What do Young readers want in a novel? What makes a great novel for a middle grader? I figured since I know a kid who voraciously devours books, I’d just ask.
Eric just finished “The Genius Files Mission Impossible” by Dan Gutman
He couldn’t stop talking about it. Of course, when I turned the camera on, he composed himself and didn’t seem enthusiastic, but at least he gets his points across.
- Drum up a little humor
- Package it up with lots of action
- and kick someone in the crotch.
Apparently this is a recipe for success.
Thank you Eric!
Side note: My Thursday book review post was the least commented post I’ve had in a very long time. Although Gloria Richard said it was the best book review she’d ever seen (Thanks Gloria) it will probably be my last. It was a lot of work, and a lot of thought. If most of you aren’t into it, I will stick to my normal ranting.
I hope you found this one helpful, though. Who better to tell you what kids like than a kid!
Jennifer, I could tell that book review took a great deal of time and thought. That’s why it was the best I’ve read in terms of breaking down the pros/cons and mitigating factors.
Please tell Eric his book review was very helpful. I am about to begin a rewrite of a Middle Grade light fantasy (no Voldemort level evil). I’ll make sure there are NO dull moments. Humor hits are a given. I can’t write without them. But, I’m not sure where the kicks will land. 😉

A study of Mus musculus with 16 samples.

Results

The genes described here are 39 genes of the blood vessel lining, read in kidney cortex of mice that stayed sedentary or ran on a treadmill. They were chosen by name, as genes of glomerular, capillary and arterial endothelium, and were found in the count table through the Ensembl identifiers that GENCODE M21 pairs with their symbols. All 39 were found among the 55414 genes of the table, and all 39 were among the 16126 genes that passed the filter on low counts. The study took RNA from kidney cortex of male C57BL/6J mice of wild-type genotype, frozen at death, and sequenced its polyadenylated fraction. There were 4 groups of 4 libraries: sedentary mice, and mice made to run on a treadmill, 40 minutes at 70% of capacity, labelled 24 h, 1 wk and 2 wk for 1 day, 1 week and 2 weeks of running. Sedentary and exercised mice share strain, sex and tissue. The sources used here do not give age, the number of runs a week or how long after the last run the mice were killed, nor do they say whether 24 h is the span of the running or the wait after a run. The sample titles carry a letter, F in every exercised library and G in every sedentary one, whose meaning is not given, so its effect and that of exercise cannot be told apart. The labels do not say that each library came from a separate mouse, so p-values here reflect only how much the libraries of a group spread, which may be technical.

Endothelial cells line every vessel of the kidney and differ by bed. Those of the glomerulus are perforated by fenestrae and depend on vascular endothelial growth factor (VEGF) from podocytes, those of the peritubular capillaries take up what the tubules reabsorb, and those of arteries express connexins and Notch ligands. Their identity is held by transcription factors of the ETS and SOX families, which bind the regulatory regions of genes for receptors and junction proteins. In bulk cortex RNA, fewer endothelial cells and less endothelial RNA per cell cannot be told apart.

Thanks to Eric, Dan Gutman will sell another book. MUST READ what he recommends. Let me know if he has any other favorites that I should add to my study stack.
I absolutely loved your son’s review. I think this feature would a very popular one with readers if he is willing. Also, the video format ROCKS.
I couldn’t have summed that up better myself! lol
Don’t take the lack of comments on a book review too hard! It might’ve just been a day when people were too busy to comment. Or maybe it was a book that didn’t fit the audience that day. Honestly, that was the case for me.
I think book reviews are tough to do — they are time-consuming and require a lot of thought and preparation. I knew from the start it wasn’t something to which I could devote enough resources to do well. So I can see why you decided to focus on other things. Keep up the good work!
I agree, though sometimes editors and publishers disagree. I’ve heard lots of aspiring authors say that an agent or publisher didn’t think they could sell the story because it didn’t fit with the target audience market. This was after numerous kids fell in love with said story.
I think a lot of it is being in the right place at the right time. I recently did an interview with YA author, Heather Burch, who said her agent told her she would have to pass on Halflings when she first read it because she didn’t think the market was right for it. Then a year later she pulled out the stopper and said ‘Let’s do it.’. I guess you just have to write the way you want, add the elements of kid-dom, and take your chances. You never know unless you try. Great thing is, each rejection brings you one step closer to acceptance. If you write with your heart and soul, you can’t go wrong.